We’re really fortunate here in America to have an abundance of wildlands, national parks, designated natural areas, preserves, wilderness areas and other lands specifically set aside for recreational enjoyment. It makes it a lot easier to get away from it all when doing so means a quick trip to a local trail that can be easily found using the wonders of the Internet. Maybe that’s why doctors are actually starting to prescribe hiking as the newest mental health booster.
Ecotherapy, as it’s been termed, is the latest, greatest development in addressing a plethora of mental-health issues. Experts agree that exercise is the most underutilized anti-depressant available. Underutilized because we justify the ease of popping a pill versus the complexity of going to the gym or for a run or otherwise working out. That being said…we really need to get more exercise. Americans watch five hours of TV every day according to a 2014 NIelsen report…so the “I don’t have time to exercise” excuse is utter nonsense. That being said, doing something that is fun and easy will always triumph over doing something that is complicated and difficult. Popping some Prozac and watching TV seems like the softer, easier way over going to the gym and working out. But at what price are we exacting this “luxury”?
Enter hiking. Hiking is fun and easy: once you get yourself out the door and onto the trailhead it’s really difficult to justify not doing it. Additionally, there’s plenty of scientific evidence to back up hiking as one of the best things we can do for our mental health. Such as:
Hiking decreases rumination, or the time spent on negative thinking.
This particular study showed the incredible effects of hiking on the activity in the prefrontal cortex, which is where negative and obsessive thoughts get spinning and take over our brains. Study participants “reported lower levels of rumination and also had reduced neural activity in the subgenual prefrontal cortex, which is associated with mental illness. Those who walked through an urban environment didn’t enjoy these benefits,” according to this report. This indicates that our world is growing increasingly urban and therefore increasingly depressive. Hiking in nature removes the stressors of the urban environment, therefore reducing stress and anxiety.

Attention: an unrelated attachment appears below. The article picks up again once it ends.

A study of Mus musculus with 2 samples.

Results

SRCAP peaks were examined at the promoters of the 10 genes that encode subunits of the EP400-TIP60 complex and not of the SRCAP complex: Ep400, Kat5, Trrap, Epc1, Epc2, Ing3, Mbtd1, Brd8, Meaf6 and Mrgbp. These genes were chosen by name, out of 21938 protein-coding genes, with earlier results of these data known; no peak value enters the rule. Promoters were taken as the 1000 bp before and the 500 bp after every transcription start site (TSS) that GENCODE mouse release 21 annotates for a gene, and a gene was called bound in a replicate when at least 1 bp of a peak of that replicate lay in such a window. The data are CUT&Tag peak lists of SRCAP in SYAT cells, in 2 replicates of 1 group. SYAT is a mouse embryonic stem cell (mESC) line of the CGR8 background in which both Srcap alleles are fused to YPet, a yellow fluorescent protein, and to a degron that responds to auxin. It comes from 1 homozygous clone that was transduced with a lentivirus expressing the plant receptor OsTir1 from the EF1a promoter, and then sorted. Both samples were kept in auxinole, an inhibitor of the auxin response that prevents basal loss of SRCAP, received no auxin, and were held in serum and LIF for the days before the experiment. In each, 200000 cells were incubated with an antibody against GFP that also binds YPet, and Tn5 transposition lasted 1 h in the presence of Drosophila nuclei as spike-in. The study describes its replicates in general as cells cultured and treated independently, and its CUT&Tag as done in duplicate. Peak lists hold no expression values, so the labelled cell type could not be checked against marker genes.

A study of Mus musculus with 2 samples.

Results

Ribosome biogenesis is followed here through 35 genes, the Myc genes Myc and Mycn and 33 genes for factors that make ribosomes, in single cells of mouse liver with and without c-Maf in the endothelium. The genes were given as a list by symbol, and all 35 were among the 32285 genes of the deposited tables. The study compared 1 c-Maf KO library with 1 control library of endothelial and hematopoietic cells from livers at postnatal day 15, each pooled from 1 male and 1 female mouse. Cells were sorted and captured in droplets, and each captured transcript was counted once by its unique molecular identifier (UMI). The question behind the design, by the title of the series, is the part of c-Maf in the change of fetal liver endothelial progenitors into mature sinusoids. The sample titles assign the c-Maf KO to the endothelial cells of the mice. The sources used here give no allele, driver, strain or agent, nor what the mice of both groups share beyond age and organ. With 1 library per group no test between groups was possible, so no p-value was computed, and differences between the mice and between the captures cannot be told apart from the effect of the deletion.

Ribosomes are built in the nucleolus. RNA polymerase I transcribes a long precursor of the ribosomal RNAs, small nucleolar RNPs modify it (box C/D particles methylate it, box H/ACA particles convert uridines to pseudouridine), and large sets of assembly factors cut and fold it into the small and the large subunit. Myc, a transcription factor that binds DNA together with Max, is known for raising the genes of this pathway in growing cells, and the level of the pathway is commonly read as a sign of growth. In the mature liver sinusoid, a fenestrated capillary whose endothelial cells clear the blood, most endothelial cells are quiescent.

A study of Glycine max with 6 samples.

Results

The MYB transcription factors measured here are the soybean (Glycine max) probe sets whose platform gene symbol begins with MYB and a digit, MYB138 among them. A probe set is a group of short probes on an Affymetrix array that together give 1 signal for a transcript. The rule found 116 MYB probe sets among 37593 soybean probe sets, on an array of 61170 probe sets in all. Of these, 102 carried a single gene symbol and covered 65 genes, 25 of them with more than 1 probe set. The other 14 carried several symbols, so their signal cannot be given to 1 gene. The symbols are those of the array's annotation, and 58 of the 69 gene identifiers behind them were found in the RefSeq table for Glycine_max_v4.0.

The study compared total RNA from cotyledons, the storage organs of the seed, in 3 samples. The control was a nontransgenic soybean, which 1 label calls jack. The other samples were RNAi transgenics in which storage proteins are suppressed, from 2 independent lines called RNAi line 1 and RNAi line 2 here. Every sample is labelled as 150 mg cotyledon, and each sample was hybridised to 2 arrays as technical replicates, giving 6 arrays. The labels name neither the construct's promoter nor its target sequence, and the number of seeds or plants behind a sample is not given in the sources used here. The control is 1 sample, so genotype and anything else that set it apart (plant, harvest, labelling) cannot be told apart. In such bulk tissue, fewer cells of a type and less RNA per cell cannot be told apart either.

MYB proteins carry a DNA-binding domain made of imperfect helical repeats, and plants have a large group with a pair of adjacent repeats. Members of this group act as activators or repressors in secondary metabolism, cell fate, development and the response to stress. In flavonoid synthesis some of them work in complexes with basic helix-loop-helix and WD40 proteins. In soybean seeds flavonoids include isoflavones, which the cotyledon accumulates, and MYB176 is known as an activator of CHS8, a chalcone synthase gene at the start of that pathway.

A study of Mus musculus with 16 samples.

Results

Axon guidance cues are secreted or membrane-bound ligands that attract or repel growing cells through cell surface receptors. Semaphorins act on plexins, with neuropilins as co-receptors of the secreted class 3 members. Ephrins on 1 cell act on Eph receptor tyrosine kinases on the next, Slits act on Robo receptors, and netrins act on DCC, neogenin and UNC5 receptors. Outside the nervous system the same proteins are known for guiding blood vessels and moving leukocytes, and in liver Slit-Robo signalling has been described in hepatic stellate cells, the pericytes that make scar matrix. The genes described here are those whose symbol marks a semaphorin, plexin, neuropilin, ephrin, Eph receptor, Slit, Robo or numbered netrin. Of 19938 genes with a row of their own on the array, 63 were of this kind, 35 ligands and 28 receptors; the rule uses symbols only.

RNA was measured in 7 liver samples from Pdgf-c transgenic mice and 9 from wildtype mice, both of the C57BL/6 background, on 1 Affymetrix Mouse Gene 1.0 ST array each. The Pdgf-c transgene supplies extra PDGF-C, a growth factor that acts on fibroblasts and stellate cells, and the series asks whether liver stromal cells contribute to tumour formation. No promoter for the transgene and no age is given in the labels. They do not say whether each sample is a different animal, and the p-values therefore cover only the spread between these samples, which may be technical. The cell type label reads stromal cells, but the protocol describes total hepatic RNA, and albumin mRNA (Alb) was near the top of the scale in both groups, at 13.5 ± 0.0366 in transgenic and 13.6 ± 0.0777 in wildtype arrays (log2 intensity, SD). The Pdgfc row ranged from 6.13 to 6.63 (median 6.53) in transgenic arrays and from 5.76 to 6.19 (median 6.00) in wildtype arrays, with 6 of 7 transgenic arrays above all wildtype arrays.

Hiking increases creative thinking when disconnected from technology.
If you’re taking a hike leave your smartphone behind: this study showed that hikers who hiked for several days cutoff from technology performed creative thinking and cognitive reasoning tasks 50% better than a control group. The idea behind this is that tech creates constant distraction and decreases our abilities to focus on a single task, and our urbanized world contributes to this. Unplugging can help us find our focus again.
Hiking reduces ADHD symptoms in children.
For parents dealing with kids who have ADHD, hiking might be the magic bullet. In this study, kids who spent time outdoors experienced fewer and less intense ADHD symptoms than kids who didn’t. The correlation between “green spaces” and the kids’ functionality is almost irrefutable.
Hiking increases brainpower.
Exercise is a huge brain-power booster, as shown in this study in particular as well as countless others. Aerobic exercise specifically increases hippocampal volume, which is the area of the brain devoted to memory.
Hiking is so incredibly effective as a treatment for mental health issues that it is actually now prescribed by doctors.
So if yours tells you to take a hike, take it to heart and hit the trail. Your best life is out there waiting for you!
That “fresh air smell” isn’t just a phenomenon created by humans; it’s actually better for us to breathe fresh air.
SciShow does an amazing job of explaining the how and why behind that amazing smell, as well as the truth behind its important to our lives as functional human beings.
If you’re having trouble getting started or finding a trail in your area, this is one great resource I’m particularly fond of. Now get out there and get hiking!